By Thompson Yamput
Jos – As stakeholders intensify efforts to curtail attacks on Plateau communities, lawyers in the state have cautioned its elites against allowing themselves to be used to cause disaffection among the ethnic groups.
The lawyers, under the aegis of the United Mwaghavul Lawyers Association, in a statement on Sunday in Jos, noted that all ethnic groups were victims of the attacks, and advised the elites to desist from actions that could pit the victims against each other.
The News Agency of Nigeria (NAN), reports that the lawyers were reacting to a recent press briefing by Chief Sylvanus Lot, former Secretary to the Plateau government.
Lot, who addressed newsmen in Jos on behalf of “Plateau Patriots’’, had blamed a particular ethnic group for the invasion of the Plateau Government House, Rayfield, Jos by women and youths protesting the continued attacks.
He also blamed the ethnic group for the attack on Governor Simon Lalong’s convoy when he visited one of the Internally Displaced Persons (IDPs), camp at Anguldi, in Jos South, on July 14.
The IDPs, who had alleged continued neglect by the governor, had hurled stones at the convoy, damaging some vehicles in the process.
Lot further alleged that there were political motives behind the invasion of the Government House and the attack on the governor, claiming that they were carried out “with the active involvement of some highly placed people’’.
He threatened that his organisation shall mobilise other ethnic groups against any tribe that resorted to violence while reacting to the attacks on rural communities.
But the lawyers, in the statement signed by two Trustees of their association – Messrs Philemon Dafi and Alfred Danbaba – described Lot’s claims as “strange and worrisome’’.
“We, as Mwaghavul lawyers, are worried about such provocative and highly emotional statements made by Lot, a Mwaghavul elder.
“We are also disturbed about the factual inaccuracies contained in the claims and have been wondering what purpose they were intended to serve.
“As critical stakeholders of the Mwaghavul nation, we wish to dissociate ourselves from both the content and motive of Lot’s claims, and wish to tell the world that the lingering crises on the Plateau is targeted at the entire state,’’ it said.
The statement pointed out that “any attempt to pit one Plateau ethnic nationality against the other is a trap the enemy of our common heritage will like us to buy into, to our collective detriment’’.
The lawyers declared that the Mwaghavul nation would always share the pains and anguish of every victim of attack in the state “no matter his tribe’’, asserting that “the statement by our elder is not representative of the thinking of the Mwaghavul nation.’’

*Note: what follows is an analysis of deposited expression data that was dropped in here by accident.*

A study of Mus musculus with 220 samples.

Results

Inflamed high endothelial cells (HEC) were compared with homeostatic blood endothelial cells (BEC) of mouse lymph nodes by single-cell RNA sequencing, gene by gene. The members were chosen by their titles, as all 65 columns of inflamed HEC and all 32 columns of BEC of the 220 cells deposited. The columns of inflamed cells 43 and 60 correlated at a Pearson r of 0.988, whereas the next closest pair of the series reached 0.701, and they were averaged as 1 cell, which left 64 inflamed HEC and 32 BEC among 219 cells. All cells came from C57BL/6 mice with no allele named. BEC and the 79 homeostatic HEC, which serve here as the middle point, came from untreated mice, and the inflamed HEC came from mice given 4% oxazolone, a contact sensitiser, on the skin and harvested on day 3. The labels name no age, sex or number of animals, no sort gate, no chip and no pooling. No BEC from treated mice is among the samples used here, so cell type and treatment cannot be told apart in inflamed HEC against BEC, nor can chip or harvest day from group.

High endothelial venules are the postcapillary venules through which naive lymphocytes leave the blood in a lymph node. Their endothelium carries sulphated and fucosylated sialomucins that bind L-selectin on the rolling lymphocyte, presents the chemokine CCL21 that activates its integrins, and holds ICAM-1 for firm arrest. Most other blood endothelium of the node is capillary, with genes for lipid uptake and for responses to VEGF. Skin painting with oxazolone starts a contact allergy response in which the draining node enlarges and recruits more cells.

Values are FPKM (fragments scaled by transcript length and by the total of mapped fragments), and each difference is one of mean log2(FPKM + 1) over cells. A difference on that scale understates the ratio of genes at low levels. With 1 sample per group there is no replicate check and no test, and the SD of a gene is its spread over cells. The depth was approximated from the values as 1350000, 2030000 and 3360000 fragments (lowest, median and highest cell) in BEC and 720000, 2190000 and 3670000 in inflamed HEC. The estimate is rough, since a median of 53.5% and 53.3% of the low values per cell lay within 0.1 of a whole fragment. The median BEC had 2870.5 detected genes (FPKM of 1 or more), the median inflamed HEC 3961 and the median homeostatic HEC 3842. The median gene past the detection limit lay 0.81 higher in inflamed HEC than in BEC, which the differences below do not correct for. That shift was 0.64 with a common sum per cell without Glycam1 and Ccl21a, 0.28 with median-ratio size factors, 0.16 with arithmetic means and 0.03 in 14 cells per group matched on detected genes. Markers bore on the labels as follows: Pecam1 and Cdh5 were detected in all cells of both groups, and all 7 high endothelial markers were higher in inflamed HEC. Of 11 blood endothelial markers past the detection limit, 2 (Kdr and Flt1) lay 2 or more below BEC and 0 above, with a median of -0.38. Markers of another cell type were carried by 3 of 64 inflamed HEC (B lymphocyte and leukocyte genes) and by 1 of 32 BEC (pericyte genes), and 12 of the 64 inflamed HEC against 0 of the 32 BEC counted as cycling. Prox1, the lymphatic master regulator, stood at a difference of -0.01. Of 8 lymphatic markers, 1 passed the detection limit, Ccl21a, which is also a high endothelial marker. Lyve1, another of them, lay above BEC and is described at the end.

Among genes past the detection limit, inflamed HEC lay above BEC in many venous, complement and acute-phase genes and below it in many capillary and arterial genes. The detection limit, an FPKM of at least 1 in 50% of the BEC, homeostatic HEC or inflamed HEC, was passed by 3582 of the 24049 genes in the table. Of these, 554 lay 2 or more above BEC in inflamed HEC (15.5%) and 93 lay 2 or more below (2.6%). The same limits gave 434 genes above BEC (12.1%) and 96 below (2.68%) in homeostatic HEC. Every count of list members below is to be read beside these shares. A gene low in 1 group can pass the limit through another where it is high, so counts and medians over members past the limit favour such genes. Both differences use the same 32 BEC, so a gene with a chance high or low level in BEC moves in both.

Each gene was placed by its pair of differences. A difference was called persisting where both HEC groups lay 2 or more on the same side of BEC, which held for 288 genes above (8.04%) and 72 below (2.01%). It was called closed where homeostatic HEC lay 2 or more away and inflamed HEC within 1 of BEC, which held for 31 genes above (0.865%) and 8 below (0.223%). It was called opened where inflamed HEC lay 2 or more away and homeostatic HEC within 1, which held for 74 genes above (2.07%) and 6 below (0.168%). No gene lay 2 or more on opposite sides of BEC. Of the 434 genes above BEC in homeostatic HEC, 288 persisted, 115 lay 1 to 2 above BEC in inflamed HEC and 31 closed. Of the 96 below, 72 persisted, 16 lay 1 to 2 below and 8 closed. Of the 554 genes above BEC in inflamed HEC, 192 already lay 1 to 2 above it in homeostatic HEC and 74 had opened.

“Anyone conversant with the happenings on the Plateau cannot attempt to limit the violence to one particular ethnic nationality because virtually all the groups have been hit at one point or the other.
“The attackers have hit every part – the Irigwe people in Bassa, the Ganawuri in Riyom, the Mwaghavul in Mangu, the Tarok in Langtang, the Goemai in Shendam and the Ron/Kulere in Bokkos, where a First Class Chief was killed in 2016. No one has been spared.
“As a people, we must resist every provocation and inducement to turn against ourselves; we should not dissipate energy on name calling. We must unite and protect each other,’’ they advised.
The lawyers said that Lot’s claims were contradictory, wondering how he could acknowledge that all tribes were affected by the crisis, only to turn round and single out one group as responsible for the protests against the attacks.
While condemning mob reactions to attacks on some communities, they however, said that it was “not right’’ to see them as politically motivated.
“Such stance may lead to sacrificing the truth on the altar of political correctness,’’ the lawyers opined.
The association appealed to elders in crises-ridden communities to always prevail on angry youths not to turn their anger on innocent passengers, and urged stakeholders to sincerely dig into the root causes of the attacks and proffer solutions.
It urged Plateau elders to initiate measures that would ensure the immediate return of the IDPs to their respective homes “considering the horrible state of the 31 IDPs camps spread across Mangu, Barkin Ladi, Bokkos, Riyom and Jos South Local Governments’’.
The lawyers appealed to genuine Plateau patriots to “do everything humanly possible’’ to unite the people toward building a peaceful and prosperous state.